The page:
A new Neilson poll finds Labor's primary vote has climbed 2 percentage points in a month to 32 per cent, while the Coalition's primary vote fell 2 points to 45 per cent.


The latest Herald/Nielsen poll shows that two months since the carbon price began, the policy remains unpopular but more than half of voters, or 54 per cent, feel it has made no difference.

The poll of 1400 voters was taken from Thursday to Saturday nights, after a tumultuous fortnight of Parliament in which the government reinstated the Pacific solution for asylum seekers and Ms Gillard faced renewed scrutiny about her conduct as an industrial lawyer 17 years ago.

Up by two points ... Labor in the latest Herald/Nielsen poll.

Up by two points ... Labor in the latest Herald/Nielsen poll. Photo: Andrew Meares

The poll finds Labor's primary vote increased 2 percentage points in a month to 32 per cent, while the Coalition's primary vote fell 2 points to 45 per cent. The Greens fell one point to 11 per cent.

This gives the Coalition a two-party-preferred lead of 54 per cent to 46 per cent, a drop of 4 points but still enough to guarantee a landslide victory if an election were held now.

Ms Gillard and the Opposition Leader, Mr Abbott, now equal each other in terms of unpopularity. Both have an approval rating of 39 per cent and a disapproval rating of 57 per cent.

However, Ms Gillard's rating as preferred prime minister rose 3 points in a month to 46 per cent while Mr Abbott's rating fell 3 points to 45 per cent.

While the asylum seeker policy was controversial and perceived as a backdown, it has strong support with 67 per cent in favour of sending people to Nauru and Manus Island for processing. Voters were evenly split on the announcement to increase Australia's annual refugee intake from 13,750 to 20,000.

The increase in Labor's primary vote is consistent with other modest improvements for the government during the past month in other published polls, all of which have taken the heat off Ms Gillard's leadership.

The Nielsen poll director, John Stirton, said Labor's primary vote had now increased by a total of 6 points during the past three months and that constituted a trend.

Labor's modest resurgence was offset at the weekend by a comfortable victory for the Country Liberal Party in the Northern Territory election.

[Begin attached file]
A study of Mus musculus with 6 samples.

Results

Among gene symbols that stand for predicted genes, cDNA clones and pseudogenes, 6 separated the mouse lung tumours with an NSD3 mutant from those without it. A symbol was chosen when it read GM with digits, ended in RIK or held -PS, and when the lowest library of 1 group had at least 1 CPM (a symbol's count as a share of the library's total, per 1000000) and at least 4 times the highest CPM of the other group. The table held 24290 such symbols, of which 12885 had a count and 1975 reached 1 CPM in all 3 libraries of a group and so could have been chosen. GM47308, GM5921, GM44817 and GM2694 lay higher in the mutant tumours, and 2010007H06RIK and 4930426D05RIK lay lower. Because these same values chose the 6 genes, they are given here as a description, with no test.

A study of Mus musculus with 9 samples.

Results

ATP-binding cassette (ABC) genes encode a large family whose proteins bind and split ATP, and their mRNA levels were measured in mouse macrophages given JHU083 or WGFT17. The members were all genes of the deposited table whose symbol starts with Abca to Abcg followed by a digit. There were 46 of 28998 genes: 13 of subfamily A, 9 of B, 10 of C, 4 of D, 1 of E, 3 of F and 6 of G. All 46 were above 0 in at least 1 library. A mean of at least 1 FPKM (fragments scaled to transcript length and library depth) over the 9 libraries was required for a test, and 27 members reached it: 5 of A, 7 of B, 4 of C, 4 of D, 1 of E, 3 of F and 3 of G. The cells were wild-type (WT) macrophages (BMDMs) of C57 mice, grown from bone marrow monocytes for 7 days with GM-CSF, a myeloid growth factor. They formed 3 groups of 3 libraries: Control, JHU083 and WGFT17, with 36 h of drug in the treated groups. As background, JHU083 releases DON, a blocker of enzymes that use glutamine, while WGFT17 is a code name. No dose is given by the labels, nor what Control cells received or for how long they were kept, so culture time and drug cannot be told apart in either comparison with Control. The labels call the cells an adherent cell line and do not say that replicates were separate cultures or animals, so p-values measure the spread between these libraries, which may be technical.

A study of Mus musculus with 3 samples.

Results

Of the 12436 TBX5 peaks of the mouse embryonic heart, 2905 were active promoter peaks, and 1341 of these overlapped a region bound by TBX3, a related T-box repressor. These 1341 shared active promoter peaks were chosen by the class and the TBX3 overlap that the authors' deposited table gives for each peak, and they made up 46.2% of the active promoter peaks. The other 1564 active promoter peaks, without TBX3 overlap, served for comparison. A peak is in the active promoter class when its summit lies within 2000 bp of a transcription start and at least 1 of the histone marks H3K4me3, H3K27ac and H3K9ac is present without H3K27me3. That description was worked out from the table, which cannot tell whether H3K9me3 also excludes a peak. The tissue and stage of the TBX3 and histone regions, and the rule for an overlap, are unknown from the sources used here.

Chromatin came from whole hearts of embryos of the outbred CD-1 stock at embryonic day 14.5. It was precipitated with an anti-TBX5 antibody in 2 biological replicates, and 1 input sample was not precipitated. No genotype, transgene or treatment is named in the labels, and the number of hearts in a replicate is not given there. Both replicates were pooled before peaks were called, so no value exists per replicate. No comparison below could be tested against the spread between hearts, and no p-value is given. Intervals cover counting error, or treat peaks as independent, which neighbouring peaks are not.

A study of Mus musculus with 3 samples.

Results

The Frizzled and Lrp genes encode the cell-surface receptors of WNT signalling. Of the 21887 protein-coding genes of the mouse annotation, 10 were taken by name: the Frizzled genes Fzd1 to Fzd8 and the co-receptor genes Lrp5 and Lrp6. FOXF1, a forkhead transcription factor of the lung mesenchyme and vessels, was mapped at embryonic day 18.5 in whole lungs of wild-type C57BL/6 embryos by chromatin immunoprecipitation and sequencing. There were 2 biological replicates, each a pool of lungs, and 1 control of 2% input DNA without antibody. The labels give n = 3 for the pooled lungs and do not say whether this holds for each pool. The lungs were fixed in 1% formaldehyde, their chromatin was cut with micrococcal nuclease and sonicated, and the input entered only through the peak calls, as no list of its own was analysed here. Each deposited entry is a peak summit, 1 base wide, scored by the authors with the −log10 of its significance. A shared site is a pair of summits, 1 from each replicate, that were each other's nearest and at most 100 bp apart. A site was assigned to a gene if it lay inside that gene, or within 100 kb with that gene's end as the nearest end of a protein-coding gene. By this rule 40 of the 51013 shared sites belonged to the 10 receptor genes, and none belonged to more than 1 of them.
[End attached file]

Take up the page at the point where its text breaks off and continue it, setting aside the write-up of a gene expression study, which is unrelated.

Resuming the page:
The end of Labor's 11-year rule in the territory leaves the party in power federally, and in South Australia, Tasmania and the ACT.

Yesterday, Mr Abbott sought to implicate Ms Gillard for the loss, blaming the disruption caused by the suspension last year of the live cattle trade and the introduction of the carbon tax.

Mr Abbott gloated that he had been invited to launch the campaign of the CLP leader and now Chief Minister, Terry Mills, while the Labor leader, Paul Henderson, asked Ms Gillard to stay away.

Federal ministers pointed out that NT Labor had done well in Darwin but had lost the election in expansive rural electorates with a large indigenous vote.

With two-thirds of the vote counted in the 25-seat Parliament, Labor suffered a primary swing against it of 6.5 per cent and was likely to lose three seats to finish with nine. The CLP would pick up three and jumped to 15. The sole independent, Gerry Wood, held his seat.

Federal Labor rejected any role played by the carbon price in the NT poll.

The Herald poll showed 36 per cent supported the carbon price and 59 per cent were opposed - numbers that have barely changed since March last year.

But after two months of the policy, 54 per cent feel the policy has made no difference, 40 per cent feel they are worse off and 3 per cent better off.

In the poll immediately before the policy started on July 1, 37 per cent felt it would make no difference and 51 per cent felt they would be worse off.

The Treasurer, Wayne Swan, demanded yesterday that Mr Abbott apologise for his scare campaign after acknowledging on Saturday that the ''initial impact of the carbon tax may not be absolutely catastrophic''.

Trade Minister Craig Emerson said today that the poll results were encouraging but added that it was for "others" to analyse the results in detail.
 
"Certainly the trend is a positive one," Dr Emerson told ABC Radio, adding that the Nielsen result comes on top of other, slightly improved poll results for Labor.